Panel Paper: Do Property Rights Influence Resource Users' Participation In Collaborative Management? Evidence From New Zealand

Thursday, November 8, 2012 : 1:35 PM
Chesapeake (Sheraton Baltimore City Center Hotel)

*Names in bold indicate Presenter

Tracy Yandle, Emory University and Nives Dolsak, University of Washington

Authors: Tracy Yandle and Nives Dolsak

The literatures on common pool resources and property rights highlight the key roles of property rights for ecologically and socially sustainable resource management regimes.  Secure long-term property rights are found to provide an incentive for resource users to participate in resource management. This study sets to empirically test the above relationship in the case of New Zealand’s rock lobster fishery.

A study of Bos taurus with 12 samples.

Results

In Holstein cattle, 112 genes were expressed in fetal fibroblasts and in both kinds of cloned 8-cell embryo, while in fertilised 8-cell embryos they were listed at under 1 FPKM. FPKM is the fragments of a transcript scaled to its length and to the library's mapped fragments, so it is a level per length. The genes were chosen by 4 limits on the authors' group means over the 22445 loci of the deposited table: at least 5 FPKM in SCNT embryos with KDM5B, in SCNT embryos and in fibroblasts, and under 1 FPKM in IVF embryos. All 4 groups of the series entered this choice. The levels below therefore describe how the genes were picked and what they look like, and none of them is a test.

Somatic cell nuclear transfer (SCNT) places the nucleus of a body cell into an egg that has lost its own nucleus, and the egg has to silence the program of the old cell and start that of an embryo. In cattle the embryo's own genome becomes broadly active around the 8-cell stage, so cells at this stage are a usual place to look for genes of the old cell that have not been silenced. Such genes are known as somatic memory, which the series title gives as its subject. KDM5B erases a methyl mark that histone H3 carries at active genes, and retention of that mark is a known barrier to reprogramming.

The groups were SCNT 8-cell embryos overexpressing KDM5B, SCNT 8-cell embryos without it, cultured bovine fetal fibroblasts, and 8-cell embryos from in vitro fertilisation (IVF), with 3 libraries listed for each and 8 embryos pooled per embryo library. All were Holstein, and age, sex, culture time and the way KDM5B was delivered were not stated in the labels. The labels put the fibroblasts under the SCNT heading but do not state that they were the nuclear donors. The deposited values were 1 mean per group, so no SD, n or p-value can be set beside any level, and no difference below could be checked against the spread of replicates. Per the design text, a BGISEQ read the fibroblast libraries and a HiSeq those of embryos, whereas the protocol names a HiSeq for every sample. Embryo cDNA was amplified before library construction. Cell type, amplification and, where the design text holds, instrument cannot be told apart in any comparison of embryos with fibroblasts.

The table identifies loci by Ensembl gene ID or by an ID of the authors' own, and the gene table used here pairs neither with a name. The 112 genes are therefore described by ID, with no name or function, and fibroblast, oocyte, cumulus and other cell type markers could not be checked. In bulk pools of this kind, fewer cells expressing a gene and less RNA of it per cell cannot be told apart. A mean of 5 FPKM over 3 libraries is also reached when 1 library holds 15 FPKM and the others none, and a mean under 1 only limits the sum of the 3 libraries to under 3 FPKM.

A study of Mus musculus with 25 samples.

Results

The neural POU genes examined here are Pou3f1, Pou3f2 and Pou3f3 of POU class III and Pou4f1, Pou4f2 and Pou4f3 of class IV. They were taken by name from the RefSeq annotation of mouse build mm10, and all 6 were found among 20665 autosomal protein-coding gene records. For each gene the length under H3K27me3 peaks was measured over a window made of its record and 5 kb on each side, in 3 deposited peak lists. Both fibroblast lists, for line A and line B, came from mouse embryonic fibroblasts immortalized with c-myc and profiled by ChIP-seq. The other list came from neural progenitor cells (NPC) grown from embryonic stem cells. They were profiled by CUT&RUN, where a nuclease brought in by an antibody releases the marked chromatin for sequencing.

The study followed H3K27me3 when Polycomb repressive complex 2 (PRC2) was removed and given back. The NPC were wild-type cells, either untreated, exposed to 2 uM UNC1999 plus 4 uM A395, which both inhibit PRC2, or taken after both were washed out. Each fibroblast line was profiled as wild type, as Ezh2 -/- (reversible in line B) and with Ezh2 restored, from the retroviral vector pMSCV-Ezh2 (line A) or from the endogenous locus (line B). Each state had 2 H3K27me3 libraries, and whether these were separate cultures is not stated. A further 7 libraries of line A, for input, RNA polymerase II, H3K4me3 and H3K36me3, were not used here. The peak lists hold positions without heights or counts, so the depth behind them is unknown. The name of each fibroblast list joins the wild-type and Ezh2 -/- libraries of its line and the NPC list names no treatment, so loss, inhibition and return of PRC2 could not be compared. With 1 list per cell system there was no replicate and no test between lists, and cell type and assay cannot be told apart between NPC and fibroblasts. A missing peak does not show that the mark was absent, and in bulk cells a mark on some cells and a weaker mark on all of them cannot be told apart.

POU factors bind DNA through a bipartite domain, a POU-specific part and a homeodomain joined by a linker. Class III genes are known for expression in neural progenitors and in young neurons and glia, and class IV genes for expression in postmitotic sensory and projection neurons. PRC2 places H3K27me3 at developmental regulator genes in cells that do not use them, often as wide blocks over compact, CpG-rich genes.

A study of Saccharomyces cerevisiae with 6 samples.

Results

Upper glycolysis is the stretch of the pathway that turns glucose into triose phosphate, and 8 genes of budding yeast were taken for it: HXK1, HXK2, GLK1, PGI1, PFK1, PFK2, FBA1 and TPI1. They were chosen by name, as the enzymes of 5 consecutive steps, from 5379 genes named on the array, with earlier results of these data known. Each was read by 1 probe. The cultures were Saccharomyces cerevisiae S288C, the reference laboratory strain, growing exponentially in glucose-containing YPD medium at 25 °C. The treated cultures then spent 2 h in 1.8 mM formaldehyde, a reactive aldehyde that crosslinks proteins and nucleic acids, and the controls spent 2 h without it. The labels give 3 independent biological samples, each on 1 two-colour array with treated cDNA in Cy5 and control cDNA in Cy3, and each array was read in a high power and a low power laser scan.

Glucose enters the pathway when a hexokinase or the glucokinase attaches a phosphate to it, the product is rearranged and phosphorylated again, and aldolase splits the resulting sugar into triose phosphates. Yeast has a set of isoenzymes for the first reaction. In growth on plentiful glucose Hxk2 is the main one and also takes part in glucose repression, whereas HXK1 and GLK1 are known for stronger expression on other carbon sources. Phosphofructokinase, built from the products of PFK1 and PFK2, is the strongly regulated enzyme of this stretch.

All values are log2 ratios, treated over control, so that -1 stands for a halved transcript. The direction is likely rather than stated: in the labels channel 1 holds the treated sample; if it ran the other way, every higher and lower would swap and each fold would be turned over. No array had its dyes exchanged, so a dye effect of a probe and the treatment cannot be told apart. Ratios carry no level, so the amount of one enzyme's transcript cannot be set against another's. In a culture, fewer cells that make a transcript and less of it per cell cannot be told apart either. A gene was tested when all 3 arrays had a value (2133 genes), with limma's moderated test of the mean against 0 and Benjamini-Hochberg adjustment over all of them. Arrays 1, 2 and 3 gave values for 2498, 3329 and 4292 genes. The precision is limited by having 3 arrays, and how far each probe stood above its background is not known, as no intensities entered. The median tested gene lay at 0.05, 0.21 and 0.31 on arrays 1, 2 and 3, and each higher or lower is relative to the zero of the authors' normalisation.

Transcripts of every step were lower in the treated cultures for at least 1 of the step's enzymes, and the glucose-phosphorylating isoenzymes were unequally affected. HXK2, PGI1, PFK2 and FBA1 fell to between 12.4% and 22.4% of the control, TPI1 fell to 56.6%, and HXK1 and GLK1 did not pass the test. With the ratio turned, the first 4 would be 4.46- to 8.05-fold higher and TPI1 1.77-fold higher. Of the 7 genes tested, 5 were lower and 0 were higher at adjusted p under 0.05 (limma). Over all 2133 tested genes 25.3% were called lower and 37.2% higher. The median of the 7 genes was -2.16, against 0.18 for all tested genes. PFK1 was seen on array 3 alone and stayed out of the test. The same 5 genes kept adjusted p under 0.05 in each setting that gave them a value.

This paper examines the impact allocation of property rights in the form of Individual Tradable Quotas (ITQs) and Annual Catch Entitlements (ACE) on effectiveness of a complex collaborative fisheries management regime. In New Zealand’s rock lobster fishery ITQs and ACE provide both the “currency” for distributing rights, and a mechanism for voting and other means of participating in collaborative resource management efforts.  This study combines surveys of commercial participants in the New Zealand rock lobster fishery with independently verified data on property rights ownership (ITQ  and ACE ownership). The key independent variables in this study include the quantity (amount of catching right owned) and quality (right held in perpetuity or a short-term annually purchased right). The dependent variables measure (a) the level of individuals’ and companies’ participation in governance activities and (b) their trust in fishing governance organizations.  Participation in governance is operationalized as their participation in fish stock monitoring, participation in scientific research, and attendance at group meetings. Trust is operationalized in terms of trust in their own fishing governance organizations as well as other organizations involved in the fishery (e.g., government regulators, environmental groups, recreational fishers.  Implications of these results for theory development and “lessons learned” for policy and practice will be discussed.